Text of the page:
Once upon a time, there was a Hare who ridiculed a slow-moving Tortoise. Tired of the Hare’s boastful behaviour, the Tortoise challenged the Hare to a race. The Hare soon leaves the tortoise behind and, confident of winning, takes a nap midway through the race. When he awakes, the Hare finds that his competitor, crawling slowly but steadily, has arrived before him.
As in several other fables by Aesop, there is moral ambiguity about the lesson it is teaching. Here are some of the lessons:
- Is it that persistence beats hubris? Is it a metaphor for the wisdom of age in that “the old slow Tortoise” beats “the young flashy Hare”?
- Is it that “the more haste, the less speed” (Samuel Croxall) or “the race is not to the swift” (Ecclesiastes 9.11)?
- Is it the Tortoise’s plucky conduct in taking on a bully or the Hare’s foolish over-confidence (Classical Literature)?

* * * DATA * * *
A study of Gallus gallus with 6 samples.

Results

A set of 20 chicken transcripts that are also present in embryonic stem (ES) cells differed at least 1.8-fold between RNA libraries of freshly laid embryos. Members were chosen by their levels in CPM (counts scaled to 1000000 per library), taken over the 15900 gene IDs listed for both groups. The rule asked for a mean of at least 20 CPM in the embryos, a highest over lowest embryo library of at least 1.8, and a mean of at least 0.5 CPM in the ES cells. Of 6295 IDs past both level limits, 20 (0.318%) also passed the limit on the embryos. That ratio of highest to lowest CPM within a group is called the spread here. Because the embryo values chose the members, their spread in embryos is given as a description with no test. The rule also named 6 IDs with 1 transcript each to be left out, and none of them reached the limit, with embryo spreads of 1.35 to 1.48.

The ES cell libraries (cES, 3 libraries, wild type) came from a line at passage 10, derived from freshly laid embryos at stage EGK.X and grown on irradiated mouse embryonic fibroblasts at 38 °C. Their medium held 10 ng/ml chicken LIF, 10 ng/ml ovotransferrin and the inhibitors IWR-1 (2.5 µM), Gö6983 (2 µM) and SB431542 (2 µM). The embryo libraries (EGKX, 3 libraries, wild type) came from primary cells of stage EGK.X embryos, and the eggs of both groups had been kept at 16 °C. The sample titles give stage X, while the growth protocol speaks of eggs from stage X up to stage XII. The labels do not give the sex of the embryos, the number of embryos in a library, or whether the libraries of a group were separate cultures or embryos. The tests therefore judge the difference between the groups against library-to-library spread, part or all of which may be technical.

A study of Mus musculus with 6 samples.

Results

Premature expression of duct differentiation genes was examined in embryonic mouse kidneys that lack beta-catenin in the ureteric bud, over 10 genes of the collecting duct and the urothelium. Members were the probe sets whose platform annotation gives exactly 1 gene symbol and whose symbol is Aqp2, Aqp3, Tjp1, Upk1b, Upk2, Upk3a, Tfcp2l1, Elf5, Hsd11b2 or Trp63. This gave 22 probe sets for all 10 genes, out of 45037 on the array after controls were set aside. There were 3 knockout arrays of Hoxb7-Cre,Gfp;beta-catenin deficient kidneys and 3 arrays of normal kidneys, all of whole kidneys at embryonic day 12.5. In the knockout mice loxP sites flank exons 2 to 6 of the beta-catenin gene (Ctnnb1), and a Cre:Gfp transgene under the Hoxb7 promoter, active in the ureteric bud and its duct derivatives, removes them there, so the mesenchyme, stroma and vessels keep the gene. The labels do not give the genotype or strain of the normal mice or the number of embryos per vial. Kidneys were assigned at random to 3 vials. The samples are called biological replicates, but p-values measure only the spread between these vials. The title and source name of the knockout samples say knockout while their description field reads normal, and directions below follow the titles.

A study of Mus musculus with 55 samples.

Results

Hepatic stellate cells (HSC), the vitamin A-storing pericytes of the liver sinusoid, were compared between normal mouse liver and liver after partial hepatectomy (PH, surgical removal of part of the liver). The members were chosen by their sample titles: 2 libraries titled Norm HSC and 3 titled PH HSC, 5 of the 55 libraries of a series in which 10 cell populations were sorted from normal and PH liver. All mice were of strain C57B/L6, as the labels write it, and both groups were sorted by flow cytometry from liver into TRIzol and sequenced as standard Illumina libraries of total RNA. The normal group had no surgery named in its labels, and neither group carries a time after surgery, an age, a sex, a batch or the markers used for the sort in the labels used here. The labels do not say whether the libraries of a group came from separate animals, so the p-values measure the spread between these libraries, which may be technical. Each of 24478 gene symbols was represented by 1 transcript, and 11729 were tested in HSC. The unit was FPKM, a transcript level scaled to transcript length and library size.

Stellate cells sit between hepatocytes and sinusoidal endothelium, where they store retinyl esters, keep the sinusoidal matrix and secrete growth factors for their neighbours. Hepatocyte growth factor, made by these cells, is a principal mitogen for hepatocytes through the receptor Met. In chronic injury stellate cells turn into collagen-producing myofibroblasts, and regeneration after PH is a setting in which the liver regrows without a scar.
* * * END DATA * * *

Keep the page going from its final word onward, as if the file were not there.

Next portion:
- Is it that “many people have good natural abilities which are ruined by idleness; on the other hand, sobriety, zeal and perseverance can prevail over indolence” (Old Greek Literature)?
- Is it that the Tortoise – a thoughtful craftsman – is prostrate under the foot of the Hare – a capitalist entrepreneur (Charles H. Bennett, 1857)?
- Or is it that the Hare realises the stupidity of the challenge and refuses to proceed any further, while the obstinate Tortoise continues to the finishing line and is proclaimed the swiftest (Lord Dunsany, 1915)?
According to Lord Dunsany, the reason that the last lesson is not widely taught is that very few of those that witnessed the race survived the great forest-fire that happened shortly after. Some time after the race, the Hare, the Tortoise and few other forest creatures saw the fire from a long way off from the top of a hill at the edge of the forest, and they hurriedly called a meeting to decide which messenger they should send to warn the other forest creatures. They sent the Tortoise!
The first version of this story came out in Aesop’s Fables. A later version of the story in La Fontaine’s Fables, while more long-winded, differs hardly at all from that of Aesop. The data has largely come from wikipedia.